Look at this trippy map of all your climate-related Google searches
Did you know that the computer users of New Delhi, Mexico City, and Bangkok are more likely to ask questions about global warming (and similar terms like “climate change”) than New Yorkers are? Or that computer users in Hong Kong (who ask fewer climate change questions than New Yorkers, but more than residents of Sydney, Australia) are looking for both the up and the downsides to our coming climate apocalypse? Their top three searches: “What are we doing to stop global warming?” “What are the advantages of global warming?” and “Will the earth die because of global warming?”
Well, now you do. Thanks to a snazzy new data visualization project by the Oakland-based Pitch Interactive and Google’s News Lab, you can find out even more about the global climate anxiety cocktail patter. (Though I am going to go right ahead and warn you that the rotating Earth that is clearly meant to be the most awe-inspiring feature of the visualization is more on the side of nausea-inducing.)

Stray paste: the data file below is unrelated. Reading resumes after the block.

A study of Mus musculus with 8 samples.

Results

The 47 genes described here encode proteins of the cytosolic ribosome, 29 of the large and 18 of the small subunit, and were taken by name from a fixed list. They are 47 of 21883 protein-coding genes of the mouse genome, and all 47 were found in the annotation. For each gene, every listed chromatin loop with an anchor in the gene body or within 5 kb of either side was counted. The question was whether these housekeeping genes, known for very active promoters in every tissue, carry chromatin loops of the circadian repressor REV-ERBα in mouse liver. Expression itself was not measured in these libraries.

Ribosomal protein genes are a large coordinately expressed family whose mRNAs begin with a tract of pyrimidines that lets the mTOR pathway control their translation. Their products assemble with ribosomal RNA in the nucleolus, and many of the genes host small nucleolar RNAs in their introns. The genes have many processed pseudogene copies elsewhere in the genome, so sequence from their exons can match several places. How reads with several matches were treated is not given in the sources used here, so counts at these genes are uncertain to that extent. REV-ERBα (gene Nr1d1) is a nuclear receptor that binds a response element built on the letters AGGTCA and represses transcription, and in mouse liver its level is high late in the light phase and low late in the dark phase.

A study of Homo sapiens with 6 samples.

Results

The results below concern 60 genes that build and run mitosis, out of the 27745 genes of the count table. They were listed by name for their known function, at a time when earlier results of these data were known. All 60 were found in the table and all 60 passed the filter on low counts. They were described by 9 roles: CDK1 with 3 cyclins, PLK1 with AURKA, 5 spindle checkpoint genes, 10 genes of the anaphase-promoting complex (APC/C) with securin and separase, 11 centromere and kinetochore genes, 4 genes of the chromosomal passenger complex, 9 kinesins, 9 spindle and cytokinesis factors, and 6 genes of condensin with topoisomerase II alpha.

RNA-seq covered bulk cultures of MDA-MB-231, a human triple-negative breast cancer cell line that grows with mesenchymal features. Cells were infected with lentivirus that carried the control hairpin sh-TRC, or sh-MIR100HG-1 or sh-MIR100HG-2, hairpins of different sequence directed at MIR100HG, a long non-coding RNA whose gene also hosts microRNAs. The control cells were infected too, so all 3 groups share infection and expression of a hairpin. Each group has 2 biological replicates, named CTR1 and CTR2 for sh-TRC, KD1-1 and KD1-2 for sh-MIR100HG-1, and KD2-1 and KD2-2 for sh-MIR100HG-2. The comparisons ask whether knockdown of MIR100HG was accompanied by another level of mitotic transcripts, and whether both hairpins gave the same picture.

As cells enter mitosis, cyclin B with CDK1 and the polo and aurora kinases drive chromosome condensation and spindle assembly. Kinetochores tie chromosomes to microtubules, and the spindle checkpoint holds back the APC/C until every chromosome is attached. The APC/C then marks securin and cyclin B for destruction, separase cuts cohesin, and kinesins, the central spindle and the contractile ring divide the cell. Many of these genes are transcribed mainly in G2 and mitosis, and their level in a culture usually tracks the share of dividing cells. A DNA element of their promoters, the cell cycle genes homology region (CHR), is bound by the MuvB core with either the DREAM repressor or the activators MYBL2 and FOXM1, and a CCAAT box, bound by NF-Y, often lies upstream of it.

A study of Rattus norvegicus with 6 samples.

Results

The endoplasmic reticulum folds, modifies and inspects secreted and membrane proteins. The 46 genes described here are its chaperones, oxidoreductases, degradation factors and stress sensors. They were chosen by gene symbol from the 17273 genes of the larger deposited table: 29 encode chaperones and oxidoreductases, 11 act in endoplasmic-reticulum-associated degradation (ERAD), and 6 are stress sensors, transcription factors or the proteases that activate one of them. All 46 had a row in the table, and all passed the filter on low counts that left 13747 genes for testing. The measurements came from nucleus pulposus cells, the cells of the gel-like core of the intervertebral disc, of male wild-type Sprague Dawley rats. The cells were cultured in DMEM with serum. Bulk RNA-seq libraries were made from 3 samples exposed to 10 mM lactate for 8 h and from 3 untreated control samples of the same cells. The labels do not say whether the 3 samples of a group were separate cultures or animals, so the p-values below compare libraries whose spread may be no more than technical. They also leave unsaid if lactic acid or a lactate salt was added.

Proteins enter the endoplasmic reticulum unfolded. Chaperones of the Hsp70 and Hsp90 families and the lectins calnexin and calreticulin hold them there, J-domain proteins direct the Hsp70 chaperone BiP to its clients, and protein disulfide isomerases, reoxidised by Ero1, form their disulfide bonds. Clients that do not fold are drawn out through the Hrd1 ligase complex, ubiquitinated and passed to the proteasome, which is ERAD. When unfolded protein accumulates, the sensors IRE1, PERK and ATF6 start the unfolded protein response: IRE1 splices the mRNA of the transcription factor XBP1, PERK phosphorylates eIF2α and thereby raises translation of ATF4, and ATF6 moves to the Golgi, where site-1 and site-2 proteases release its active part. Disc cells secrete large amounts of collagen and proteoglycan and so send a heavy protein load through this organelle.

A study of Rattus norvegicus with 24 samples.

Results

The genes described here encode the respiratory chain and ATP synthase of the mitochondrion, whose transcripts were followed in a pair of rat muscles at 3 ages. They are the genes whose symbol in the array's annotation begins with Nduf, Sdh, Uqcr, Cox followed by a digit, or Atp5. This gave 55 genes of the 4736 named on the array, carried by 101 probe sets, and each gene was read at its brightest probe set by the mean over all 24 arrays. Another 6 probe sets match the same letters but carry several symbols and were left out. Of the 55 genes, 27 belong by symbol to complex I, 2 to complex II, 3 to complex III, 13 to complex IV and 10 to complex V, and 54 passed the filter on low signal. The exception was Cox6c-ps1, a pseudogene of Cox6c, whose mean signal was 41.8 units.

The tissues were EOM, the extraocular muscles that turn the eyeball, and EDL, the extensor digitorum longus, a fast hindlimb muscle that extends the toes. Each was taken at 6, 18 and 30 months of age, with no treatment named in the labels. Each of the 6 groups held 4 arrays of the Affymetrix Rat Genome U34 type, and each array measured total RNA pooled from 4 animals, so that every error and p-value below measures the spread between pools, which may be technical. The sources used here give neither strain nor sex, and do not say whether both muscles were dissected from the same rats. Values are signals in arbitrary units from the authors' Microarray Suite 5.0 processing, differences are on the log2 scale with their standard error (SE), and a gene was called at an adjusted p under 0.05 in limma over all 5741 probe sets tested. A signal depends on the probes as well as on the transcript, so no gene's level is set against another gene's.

The visualization also tracks several other environmentally-related questions, both by city (Mexico City: “How much trash is in the ocean each year?” New York: “How many oceans are there?”) and over time. It quickly becomes clear, for example, that despite Typhoon Haiyan and Hurricane Sandy and the rise in climate change refugees, computer-related curiosity (or at least Google-using curiosity) about climate change has yet to recapture the heights that it reached in 2006, when An Inconvenient Truth came out.
I will admit to feeling a little curmudgeonly about data visualizations like this. There’s nothing here that can’t be found with some judicious use of regular old Google Trends. There you can also find that no country is more interested in climate change than Fiji. Is that because the Fiji Islands are plan B for the people of Kirabati — another chain of islands threatened by sea level rise? Is it because Google Trends is a pretty inexact way to measure interest in anything? I will leave those questions for another day, and also add that the video below is a nice summation of what the visualization is trying to do.